Today, the Senate faces a crucial vote: whether to ratify the Chemical Weapons Convention, which enters into force April 29 even if we do not ratify.
It will require other countries to do what we are already doing -- eliminate chemical weapons. This treaty is not about getting rid of American weapons -- it's about getting rid of weapons that could one day be used against Americans.
Ratifying the Convention will protect our troops in the field, make it harder for terrorists to obtain chemical weapons, and help punish rogue states that use them.
First negotiated under President Reagan, completed under President Bush and submitted to the Senate by President Clinton, it enjoys the support of every chairman of the joint chiefs for the past twenty years, our current military leadership, the overwhelming majority of our veterans, the chemical industry and arms control experts.
Yesterday at the White House, a cross section of American leadership called for ratification: the President, Chairman of the Joint Chiefs General Shalikashvili, former Chairman Colin Powell and Senator Bob Dole.
Senator Dole had raised concerns about the treaty six months ago. But since January, virtually all of those concerns have been addressed and Dole urged his former colleagues to vote for the treaty.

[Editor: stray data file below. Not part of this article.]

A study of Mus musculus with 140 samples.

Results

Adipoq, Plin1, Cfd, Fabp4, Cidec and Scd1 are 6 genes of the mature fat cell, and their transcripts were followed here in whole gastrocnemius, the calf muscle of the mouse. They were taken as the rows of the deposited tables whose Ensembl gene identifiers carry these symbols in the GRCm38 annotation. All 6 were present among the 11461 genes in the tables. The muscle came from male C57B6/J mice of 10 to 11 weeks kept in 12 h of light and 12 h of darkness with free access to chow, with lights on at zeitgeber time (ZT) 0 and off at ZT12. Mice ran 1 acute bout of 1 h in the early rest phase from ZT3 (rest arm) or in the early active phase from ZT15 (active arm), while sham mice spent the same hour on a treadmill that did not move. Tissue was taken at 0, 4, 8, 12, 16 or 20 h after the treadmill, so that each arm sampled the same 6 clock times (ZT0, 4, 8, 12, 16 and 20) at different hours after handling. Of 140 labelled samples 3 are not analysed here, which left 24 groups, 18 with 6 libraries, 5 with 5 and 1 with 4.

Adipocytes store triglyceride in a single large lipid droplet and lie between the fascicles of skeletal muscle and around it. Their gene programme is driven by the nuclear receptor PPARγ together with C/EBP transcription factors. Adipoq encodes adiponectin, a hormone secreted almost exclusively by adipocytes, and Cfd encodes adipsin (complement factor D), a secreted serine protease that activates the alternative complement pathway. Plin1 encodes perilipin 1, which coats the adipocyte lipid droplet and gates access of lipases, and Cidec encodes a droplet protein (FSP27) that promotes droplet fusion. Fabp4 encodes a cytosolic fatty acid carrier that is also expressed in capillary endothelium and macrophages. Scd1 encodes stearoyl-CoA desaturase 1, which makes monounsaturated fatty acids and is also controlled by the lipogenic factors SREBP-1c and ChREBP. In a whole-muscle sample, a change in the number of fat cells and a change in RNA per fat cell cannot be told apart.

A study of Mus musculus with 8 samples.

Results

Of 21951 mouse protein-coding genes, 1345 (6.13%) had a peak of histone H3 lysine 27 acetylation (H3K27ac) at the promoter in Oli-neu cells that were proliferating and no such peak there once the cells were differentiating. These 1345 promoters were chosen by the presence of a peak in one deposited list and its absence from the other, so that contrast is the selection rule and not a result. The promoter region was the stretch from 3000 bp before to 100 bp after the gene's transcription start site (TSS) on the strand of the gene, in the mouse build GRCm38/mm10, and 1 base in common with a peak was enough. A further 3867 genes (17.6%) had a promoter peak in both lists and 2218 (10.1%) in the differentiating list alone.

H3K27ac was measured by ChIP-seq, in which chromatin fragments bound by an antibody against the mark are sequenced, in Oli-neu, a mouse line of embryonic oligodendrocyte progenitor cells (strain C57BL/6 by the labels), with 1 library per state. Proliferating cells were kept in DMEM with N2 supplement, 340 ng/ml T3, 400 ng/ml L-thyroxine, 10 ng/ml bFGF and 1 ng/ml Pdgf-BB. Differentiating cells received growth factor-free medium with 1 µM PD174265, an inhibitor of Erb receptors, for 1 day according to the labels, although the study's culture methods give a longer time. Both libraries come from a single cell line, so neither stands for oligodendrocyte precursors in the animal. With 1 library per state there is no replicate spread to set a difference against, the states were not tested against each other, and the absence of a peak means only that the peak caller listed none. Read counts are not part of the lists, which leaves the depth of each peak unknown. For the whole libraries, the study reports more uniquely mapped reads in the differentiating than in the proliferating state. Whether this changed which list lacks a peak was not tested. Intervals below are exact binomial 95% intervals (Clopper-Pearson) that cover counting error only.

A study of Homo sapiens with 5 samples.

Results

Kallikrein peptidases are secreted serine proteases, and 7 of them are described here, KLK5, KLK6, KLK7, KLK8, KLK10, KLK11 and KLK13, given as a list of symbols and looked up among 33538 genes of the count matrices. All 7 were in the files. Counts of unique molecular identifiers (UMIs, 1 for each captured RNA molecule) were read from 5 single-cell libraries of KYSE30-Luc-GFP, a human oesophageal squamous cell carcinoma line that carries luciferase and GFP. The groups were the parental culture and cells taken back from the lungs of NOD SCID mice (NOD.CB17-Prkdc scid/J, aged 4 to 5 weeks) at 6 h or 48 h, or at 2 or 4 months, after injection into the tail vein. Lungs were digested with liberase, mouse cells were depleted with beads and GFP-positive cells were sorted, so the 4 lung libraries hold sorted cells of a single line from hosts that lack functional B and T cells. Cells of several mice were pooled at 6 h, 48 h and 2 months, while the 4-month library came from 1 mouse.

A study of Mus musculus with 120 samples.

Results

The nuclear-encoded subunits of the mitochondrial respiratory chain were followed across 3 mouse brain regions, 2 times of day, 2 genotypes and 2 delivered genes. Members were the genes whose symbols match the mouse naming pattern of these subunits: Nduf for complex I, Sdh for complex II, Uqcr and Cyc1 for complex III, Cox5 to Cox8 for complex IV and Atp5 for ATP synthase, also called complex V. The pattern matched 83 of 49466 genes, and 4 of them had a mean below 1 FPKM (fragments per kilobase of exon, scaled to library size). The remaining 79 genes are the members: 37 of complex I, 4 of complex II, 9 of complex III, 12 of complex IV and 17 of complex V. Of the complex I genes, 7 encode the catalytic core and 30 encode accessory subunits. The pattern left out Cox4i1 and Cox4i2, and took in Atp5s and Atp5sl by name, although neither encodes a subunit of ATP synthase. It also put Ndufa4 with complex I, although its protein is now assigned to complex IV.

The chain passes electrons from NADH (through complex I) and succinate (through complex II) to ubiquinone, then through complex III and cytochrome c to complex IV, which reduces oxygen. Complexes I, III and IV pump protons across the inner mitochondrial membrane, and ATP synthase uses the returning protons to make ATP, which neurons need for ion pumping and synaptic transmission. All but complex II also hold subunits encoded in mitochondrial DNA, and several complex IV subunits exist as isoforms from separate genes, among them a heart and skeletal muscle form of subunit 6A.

THIS WEEKEND: PRESIDENT
PLAYS MAJOR ROLE AT SERVICE SUMMIT
This Sunday, President Clinton and former President Bush convene the Presidents, Summit for America,s Future in Philadelphia, chaired by General Colin Powell. President Clinton attends from April 27-April 28. The Vice President, the First Lady, and Mrs. Gore will also attend.
At the Summit, the President will call on the nation to restore an ethic of citizenship and civic responsibility through service, especially by encouraging young people to give back to their communities.
In his weekly Radio Address this Saturday, the President will focus on service and AmeriCorps, the national service program that has allowed 50,000 young people to earn college assistance while serving their communities.